The Book of Mormon Movie: Vol. 1 — The Journey
A low-budget epic that is more monotonous than momentous.
Rated PG-13 for a scene of violence; 120 minutes.
Opening today at area theaters.
“The Book of Mormon Movie: Vol. 1 — The Journey” begins with a disclaimer (stressing that it is not endorsed or sponsored by The Church of Jesus Christ of Latter-Day Saints), and so must I: I have no doubt that the people who made this movie are good, decent people who put their hearts and souls into the project.
Director-producer Gary Rogers depicts the first chapters of the Book of Mormon, from 1 Nephi through part of 2 Nephi. It begins with the prophecies of Lehi (Bryce Chamberlain), who urges his family to leave Jerusalem to start a new life in a promised land in the Americas. Lehi’s sons are split on the idea: Laman (Mark Gollaher) and Lemuel (Cragun Foulger) think Dad is nuts, but Nephi (Noah Danby) and Sam (Kirby Heyborne) stand up for their father.
From Nephi’s retrieval of the brass plates from the wicked Laban (Michael Flynn) through the boat trip to the New World, the movie falls into a recurring pattern: Laman and Lemuel whine, they try to kill Nephi, Nephi prays for divine intervention, God comes and smites his brothers, the brothers repent and vow to follow Nephi, Laman and Lemuel start grousing again, and the whole cycle starts over again — smite, lather, repeat.
The movie suffers from tonal and technical inconsistencies. The dialogue — the script is credited to veteran Utah filmmaker Craig Clyde — is half in scripture-speak (lots of “thou” and “sayeth” and “so it came to pass”) and half in modern colloquial English. The production is sometimes striking, as Rogers got lots of Hollywood crew members to work practically for free. But the strain of stretching a $1.5 million budget shows: Some costumes look as if they were made from bedsheets, and the storm that strikes Nephi’s ship looks like two guys tossing buckets of water just outside camera range.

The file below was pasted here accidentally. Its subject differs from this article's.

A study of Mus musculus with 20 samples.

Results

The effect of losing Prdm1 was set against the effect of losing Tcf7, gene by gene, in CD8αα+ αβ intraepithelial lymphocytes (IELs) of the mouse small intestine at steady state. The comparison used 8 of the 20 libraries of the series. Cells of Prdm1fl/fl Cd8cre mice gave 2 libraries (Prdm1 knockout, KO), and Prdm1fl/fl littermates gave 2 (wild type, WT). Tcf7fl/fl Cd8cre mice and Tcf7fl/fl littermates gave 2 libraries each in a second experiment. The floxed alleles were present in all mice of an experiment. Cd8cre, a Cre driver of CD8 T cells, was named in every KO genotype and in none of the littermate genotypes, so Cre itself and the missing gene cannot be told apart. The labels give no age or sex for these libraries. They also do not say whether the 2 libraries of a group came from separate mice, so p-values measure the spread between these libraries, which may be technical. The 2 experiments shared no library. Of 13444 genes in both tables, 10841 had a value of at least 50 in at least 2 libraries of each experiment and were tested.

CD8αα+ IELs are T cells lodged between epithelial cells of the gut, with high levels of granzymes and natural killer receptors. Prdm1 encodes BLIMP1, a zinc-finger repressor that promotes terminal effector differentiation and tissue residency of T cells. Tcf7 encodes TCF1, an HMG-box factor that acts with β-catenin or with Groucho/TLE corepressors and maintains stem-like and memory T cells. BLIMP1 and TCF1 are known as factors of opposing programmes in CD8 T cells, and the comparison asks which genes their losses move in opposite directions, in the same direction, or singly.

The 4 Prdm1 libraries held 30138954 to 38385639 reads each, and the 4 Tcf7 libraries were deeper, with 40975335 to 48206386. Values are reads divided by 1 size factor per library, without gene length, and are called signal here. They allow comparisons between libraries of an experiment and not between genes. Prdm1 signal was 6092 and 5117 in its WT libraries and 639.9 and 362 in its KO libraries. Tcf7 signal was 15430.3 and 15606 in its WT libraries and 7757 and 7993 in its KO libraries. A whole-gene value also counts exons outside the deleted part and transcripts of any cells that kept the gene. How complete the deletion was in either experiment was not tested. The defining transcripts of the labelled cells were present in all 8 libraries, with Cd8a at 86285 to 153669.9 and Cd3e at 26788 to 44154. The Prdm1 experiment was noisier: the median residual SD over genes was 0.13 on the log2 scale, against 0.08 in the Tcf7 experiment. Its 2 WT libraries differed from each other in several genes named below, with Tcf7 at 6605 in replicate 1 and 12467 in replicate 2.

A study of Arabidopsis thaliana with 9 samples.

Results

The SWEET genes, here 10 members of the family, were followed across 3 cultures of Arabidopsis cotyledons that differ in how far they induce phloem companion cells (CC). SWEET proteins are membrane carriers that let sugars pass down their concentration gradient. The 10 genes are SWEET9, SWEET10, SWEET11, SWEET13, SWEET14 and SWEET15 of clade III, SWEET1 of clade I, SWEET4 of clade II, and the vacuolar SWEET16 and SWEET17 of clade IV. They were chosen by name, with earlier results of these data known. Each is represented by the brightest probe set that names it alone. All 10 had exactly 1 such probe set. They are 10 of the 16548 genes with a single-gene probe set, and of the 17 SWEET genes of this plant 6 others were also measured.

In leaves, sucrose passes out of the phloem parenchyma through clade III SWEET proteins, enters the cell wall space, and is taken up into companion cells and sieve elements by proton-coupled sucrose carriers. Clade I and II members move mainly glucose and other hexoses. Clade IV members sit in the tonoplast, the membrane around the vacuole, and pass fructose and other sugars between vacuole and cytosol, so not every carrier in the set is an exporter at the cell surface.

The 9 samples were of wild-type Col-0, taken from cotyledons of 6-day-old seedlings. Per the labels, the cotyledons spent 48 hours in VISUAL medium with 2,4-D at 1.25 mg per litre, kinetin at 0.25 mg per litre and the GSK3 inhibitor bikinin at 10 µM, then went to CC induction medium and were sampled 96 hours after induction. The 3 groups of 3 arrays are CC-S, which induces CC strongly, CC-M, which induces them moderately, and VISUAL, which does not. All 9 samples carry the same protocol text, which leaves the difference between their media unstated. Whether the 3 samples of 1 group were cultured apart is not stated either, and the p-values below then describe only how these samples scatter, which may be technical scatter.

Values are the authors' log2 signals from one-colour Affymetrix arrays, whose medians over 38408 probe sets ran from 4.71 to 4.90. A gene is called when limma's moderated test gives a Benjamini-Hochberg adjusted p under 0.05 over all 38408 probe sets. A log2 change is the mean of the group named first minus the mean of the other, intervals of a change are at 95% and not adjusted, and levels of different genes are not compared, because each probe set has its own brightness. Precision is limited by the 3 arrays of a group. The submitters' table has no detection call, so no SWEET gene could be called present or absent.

Fortunately, the movie seldom drops to the unintentionally funny — though a ridiculously chaste depiction of Laman’s followers getting jiggy on the crossing nearly qualifies. (Memo to Rogers: Cecil B. deMille played up the sex appeal in “The Ten Commandments,” justifying it because the sexy characters went to hell. Why not follow suit? You’ve got a PG-13 rating anyway, for the scene where Nephi slays Laban — if you’re going to do the time, you may as well do the crime.)
Some of the performances are moving, notably Heyborne (“The R.M.”) as the good-hearted Sam. Danby, as the heroic Nephi, fulfills the beefcake quotient but is often flat and uninvolving. If eight more movies are coming to tell the tale of the Book of Mormon, as Rogers plans, there is plenty of room for improvement.